SteelBrick is a company that is built for a new way of doing business. For those unaccustomed to the vagaries of product pricing and quoting, the fact that a vendor exists (in fact, many vendors exist) to help with this process might seem a little bizarre. After all, isn't it simply a case of working out costs, applying your preferred margin and sending that price to the customer?
Well, apparently not -- there is massive science around pricing and, as competition heats up, organizations look to make the most revenue out of their opportunities. Finding the exact price that is best to apply to a particular product or service is a big requirement for modern organizations.
SteelBrick responds this needs, its software-as-a-service applications, which are themselves built on the Salesforce platform, fulfill the life cycle from quoting through to cash receipt -- the company delivers configuration, pricing, quoting and billing apps. SteelBrick claims over 350 high-growth companies including Cloudera, Nimble Storage, HootSuite and Marketo.
SteelBrick, which has previously raised $30 million from a host of backers, is today announcing a further $48 million Series C round. The round was led by Institutional Venture Partners (IVP), with substantial participation from existing investors Salesforce Ventures, Emergence Capital and Shasta Ventures.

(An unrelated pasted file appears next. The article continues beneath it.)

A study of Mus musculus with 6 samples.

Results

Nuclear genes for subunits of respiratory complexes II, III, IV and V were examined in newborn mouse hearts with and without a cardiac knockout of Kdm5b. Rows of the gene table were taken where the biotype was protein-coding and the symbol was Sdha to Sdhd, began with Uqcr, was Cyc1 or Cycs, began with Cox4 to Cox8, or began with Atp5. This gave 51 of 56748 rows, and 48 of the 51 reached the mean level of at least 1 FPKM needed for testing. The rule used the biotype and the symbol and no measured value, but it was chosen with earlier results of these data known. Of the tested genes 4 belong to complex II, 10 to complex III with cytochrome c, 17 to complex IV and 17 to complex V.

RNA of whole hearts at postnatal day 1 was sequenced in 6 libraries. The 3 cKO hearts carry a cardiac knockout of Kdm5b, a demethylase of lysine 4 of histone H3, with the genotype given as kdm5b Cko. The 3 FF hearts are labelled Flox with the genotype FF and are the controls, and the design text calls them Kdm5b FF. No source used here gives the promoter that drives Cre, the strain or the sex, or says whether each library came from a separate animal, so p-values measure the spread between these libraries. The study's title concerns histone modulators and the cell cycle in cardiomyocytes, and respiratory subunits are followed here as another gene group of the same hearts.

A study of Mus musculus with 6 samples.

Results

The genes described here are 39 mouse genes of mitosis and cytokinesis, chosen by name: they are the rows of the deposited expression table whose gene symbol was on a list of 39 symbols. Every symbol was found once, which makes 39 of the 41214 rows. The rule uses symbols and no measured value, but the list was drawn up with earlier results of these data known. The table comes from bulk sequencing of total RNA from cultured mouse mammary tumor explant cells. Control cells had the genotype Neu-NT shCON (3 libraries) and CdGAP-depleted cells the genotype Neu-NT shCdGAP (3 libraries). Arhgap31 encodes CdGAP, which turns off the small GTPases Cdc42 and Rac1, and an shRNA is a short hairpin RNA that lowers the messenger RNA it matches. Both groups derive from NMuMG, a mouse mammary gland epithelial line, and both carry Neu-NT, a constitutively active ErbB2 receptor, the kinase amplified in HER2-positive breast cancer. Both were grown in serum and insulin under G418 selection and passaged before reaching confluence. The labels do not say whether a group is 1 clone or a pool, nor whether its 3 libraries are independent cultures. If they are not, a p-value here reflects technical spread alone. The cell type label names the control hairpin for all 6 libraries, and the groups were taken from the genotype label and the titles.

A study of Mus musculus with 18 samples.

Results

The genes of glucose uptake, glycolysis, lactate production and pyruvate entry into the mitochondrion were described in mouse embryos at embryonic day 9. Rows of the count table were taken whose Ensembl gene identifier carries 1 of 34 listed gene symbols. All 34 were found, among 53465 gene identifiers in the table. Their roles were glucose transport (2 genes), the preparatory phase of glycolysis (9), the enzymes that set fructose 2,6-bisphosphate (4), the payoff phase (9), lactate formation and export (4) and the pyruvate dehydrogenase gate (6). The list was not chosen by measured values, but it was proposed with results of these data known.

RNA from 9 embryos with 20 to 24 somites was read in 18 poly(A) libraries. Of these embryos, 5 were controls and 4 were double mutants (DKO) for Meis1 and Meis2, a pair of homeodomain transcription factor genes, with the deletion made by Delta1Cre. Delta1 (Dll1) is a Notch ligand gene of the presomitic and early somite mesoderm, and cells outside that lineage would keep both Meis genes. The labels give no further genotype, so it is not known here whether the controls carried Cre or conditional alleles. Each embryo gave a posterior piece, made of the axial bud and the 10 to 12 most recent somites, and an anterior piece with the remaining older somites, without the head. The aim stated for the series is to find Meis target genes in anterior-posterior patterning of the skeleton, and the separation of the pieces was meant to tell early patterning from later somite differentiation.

The interesting name in there is Salesforce, for a number of reasons. Firstly, SteelBrick is built on top of Salesforce's own platform and is also broadly applicable to a vast number of Salesforce customers. So the investment is a natural fit, right?
Well, yes. But then it is worth noting that Salesforce is also a massive backer of another CPQ vendor, this one also built on Salesforce's platform, Apptus. What is Salesforce doing backing two competing vendors within its ecosystem? Weird, huh? Salesforce's DreamForce conference had a bunch of these vendors in attendance -- Apptus, SteelBrick and PROS were on all the show floor doing their thing.
For its part, SteelBrick seems to be growing well. The company tells me that they have seen 300 percent bookings growth over the past year with a 200 percent growth in raw customer numbers. Those metrics would seem to be borne out when looking at an independent assessment of the different vendors in the space (see below).
CPQ is potentially one of the more boring technology sectors. Take IT, long thought of as having little sex appeal, and apply it to the finance sector, another business function that isn't exactly dripping in allure, and you have a double whammy of yawn. But despite that, CPQ is actually an important space. And if the area they're in isn't sexy, maybe the $48 million funding will make up a little for that.